A weakening economy and a wobbly stock market have raised expectations—and in some cases fears—that the Federal Reserve's two-year intervention in the markets may not be over just yet.
Just a month ago, Wall Street thought it was ready to say goodbye to the central bank, with many questioning not how long the Fed would stick around but whether it might even head for the exits a bit early.
But with the job market weakening, housing far from recovery and growth stuck at a measly 1.8 percentdespite trillions of dollars in help from the Fed and Congress, Fed Chairman Ben Bernanke's next act suddenly is unclear.
"The opinion of the market has changed quite a bit just in the last month or so—30 days ago very few people would have been expecting a QE3 or QE2 1/2-type situation," Mitchel Schlesinger, managing director at FBB Capital Partners in Bethesda, Md., said, using market vernacular for the Fed's quantitative easing endeavors.
"But the economic data that has come out has been somewhat downbeat since then," he added. "There is growing concern that we have hit a pause in the recovery."
Another round of Fed intervention is expected to have one of two reactions in the stock market—either restoring the rally, as Bernanke's comments in Jackson Hole, Wyo., did back in August 2010, or triggering a loss as it becomes a sign that the Fed believes the economy is still weak and unable to function on its own.
The latter possibility is growing more likely, despite the previous successes of QE at pushing stock rallies.
"The market would probably rally on it at least initially. But some people might view it as a negative that we need a third round because things are really bad. That's how I would view it," says Uri Landesman, head of Platinum Partners hedge fund in New York. "I'm expecting the market to correct. That would be one of the contributors to the correction."
Since the financial crisis hit in 2008, such "soft patches" as Bernanke likes to call them have been cues for the Fed to act. It has done so to the tune of about $2.6 trillion in purchases of various assets, most recently $600 billion in Treasurys that has constituted what is called QE2.
The burning question, then, is whether the latest round of economic softness, reflected both in the data and a 4 percent drop in the stock market, will trigger QE3.
Consensus is that a full-blown stage three of the Fed's aggressive and unprecedented intervention is unlikely.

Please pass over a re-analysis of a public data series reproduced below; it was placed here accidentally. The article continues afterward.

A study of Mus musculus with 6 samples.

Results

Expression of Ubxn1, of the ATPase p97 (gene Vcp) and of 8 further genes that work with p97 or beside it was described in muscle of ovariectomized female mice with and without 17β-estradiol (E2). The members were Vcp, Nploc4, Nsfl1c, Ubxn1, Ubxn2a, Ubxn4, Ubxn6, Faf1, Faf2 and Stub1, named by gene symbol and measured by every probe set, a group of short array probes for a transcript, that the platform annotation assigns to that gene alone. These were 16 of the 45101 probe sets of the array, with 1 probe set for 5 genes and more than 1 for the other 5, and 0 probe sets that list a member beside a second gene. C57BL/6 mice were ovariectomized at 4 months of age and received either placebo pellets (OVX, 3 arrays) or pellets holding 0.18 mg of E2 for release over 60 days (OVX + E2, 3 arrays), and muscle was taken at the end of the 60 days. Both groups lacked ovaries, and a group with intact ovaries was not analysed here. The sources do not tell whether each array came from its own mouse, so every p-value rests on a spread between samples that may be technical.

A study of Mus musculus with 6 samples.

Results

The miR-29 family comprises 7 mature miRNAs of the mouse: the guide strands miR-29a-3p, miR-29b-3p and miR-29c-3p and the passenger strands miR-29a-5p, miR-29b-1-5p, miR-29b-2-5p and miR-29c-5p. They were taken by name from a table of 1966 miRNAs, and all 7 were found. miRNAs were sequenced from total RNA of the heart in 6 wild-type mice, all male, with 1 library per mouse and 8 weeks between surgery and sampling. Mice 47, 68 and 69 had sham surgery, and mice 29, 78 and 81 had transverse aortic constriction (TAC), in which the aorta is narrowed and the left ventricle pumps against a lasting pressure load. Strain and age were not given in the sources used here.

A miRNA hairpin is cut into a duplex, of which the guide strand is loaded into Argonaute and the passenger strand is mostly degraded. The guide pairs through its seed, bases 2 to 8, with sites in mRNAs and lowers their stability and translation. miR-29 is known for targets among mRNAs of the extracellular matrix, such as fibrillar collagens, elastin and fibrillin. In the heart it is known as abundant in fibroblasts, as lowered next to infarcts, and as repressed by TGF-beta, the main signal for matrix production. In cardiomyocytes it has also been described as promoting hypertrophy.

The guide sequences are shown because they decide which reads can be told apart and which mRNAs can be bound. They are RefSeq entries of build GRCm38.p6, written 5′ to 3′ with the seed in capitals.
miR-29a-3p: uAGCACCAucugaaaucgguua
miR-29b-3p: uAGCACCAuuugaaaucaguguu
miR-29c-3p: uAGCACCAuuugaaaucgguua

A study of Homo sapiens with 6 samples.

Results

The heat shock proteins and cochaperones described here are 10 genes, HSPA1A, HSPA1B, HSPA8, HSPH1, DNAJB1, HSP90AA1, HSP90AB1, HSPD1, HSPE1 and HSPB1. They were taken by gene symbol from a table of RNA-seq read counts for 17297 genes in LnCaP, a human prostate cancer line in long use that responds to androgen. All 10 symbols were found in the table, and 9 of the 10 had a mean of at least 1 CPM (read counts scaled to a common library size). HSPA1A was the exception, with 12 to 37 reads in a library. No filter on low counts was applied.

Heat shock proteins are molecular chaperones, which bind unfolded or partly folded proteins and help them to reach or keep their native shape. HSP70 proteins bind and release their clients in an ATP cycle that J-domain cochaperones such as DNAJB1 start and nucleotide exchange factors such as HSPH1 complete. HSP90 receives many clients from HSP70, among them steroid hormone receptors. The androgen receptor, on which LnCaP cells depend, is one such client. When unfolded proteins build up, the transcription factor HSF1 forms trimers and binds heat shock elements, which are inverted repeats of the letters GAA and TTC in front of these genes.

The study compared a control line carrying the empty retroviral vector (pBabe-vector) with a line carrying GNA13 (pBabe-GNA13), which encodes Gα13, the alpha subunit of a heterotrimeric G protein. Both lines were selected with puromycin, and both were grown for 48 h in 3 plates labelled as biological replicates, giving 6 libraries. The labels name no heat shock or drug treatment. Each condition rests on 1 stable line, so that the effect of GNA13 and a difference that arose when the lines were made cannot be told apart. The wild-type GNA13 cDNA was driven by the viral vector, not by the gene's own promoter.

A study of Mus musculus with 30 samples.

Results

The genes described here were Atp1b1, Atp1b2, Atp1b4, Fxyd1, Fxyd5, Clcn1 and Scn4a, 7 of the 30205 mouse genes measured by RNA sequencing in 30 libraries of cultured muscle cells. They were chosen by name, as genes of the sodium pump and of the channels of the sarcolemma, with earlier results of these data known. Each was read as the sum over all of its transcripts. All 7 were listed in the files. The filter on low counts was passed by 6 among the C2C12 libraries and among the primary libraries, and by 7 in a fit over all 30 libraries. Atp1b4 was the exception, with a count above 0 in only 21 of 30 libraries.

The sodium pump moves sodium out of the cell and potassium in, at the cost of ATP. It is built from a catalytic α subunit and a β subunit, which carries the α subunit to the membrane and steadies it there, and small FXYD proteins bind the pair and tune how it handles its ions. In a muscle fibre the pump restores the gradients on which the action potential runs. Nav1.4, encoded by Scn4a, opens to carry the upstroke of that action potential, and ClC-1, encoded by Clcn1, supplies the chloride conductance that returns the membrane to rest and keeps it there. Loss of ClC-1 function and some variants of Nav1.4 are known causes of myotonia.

"Any policy must be judged in terms of the balance between expected benefits, costs and risks," said Mohamed El-Erian, co-CEO of Pacific Investment Management Co, or Pimco, which runs the largest bond fund in the world. "In the case of QE, this balance has shifted away from benefits, and towards more collateral damage and unintended consequences."
In an email to CNBC.com, El-Erian said he believes the presence of higher inflation, global destabilization and the lack of political support in Washington—he cited controversy over "unelected officials with too much ability to make consequential fiscal decisions" as one specific problem—as barriers for QE3.
However, that doesn't mean the Fed can't implement other liquidity measures amounting to what some call either QE2 1/2 or QE Lite.
Such moves would entail the Fed not actually expanding its balance sheet—in essence printing money to pay for the debt it buys—but rather selling existing assets and simply reinvesting the proceeds in other purchases. That would essentially keep the Fed in the game but without raising the red flags that its actions have been incurring.
"Though QE2 is going to be coming to an end soon, the market is anticipating that the Fed will sell the assets on its balance sheet to continue to buy bonds," said Dave Lutz, managing director of trading at Stifel Nicolaus in Baltimore. "It's going to be pretty stunning if something like that doesn't occur."
But strategists are torn over what the Fed's actions or lack thereof will mean specifically to the capital markets.
The main area of agreement, though, is that the uncertainty generated by the end of QE2, coupled with the latest round of worries of European debtand wrangling in Washington over the national debt ceiling, will create a volatile environment.
"Right now taking the riskiest assets out of your mix is appropriate," says Mark Lamkin, CEO and chief investment strategist at Lamkin Wealth Management in Louisville, Ky. "We're in a slow patch and mired in a trading range now."
Lamkin likes intermediate- and long-term municipal bonds as well as high-yield fixed income as the deliberations continue in the central bank and Congress and the European Union ponders bailing out its weak sisters.
Fixed income, indeed, could be continue to be popular as investors hope that the Fed's previous easing efforts have the same result of actually bringing down interest rates.
That's a view predicated, though, on the notion that inflation won't be a problem, which could be problematic should the EU debt mess get completely out of control.
"You've got to be selective where you are," said Kathy Jones, fixed income strategist at San Francisco-based Charles Schwab. "We have relatively sluggish growth, high unemployment and a pretty good-sized output gap. That does not make for an inflationary environment."
With that weak economy, the odds that the Fed does some sort of additional intervention, while far from a certainty, have gone up.
"We learned about Ben Bernanke that at the end of the day he wants to shock the patient back to life," Lutz said. "He thinks he can control inflationary forces. He can't control inflation to deflation. He would prefer our economy to be hot."
- Jeff Cox is co-author of the just-released Debt, Deficits and the Demise of the American Economy(Wiley).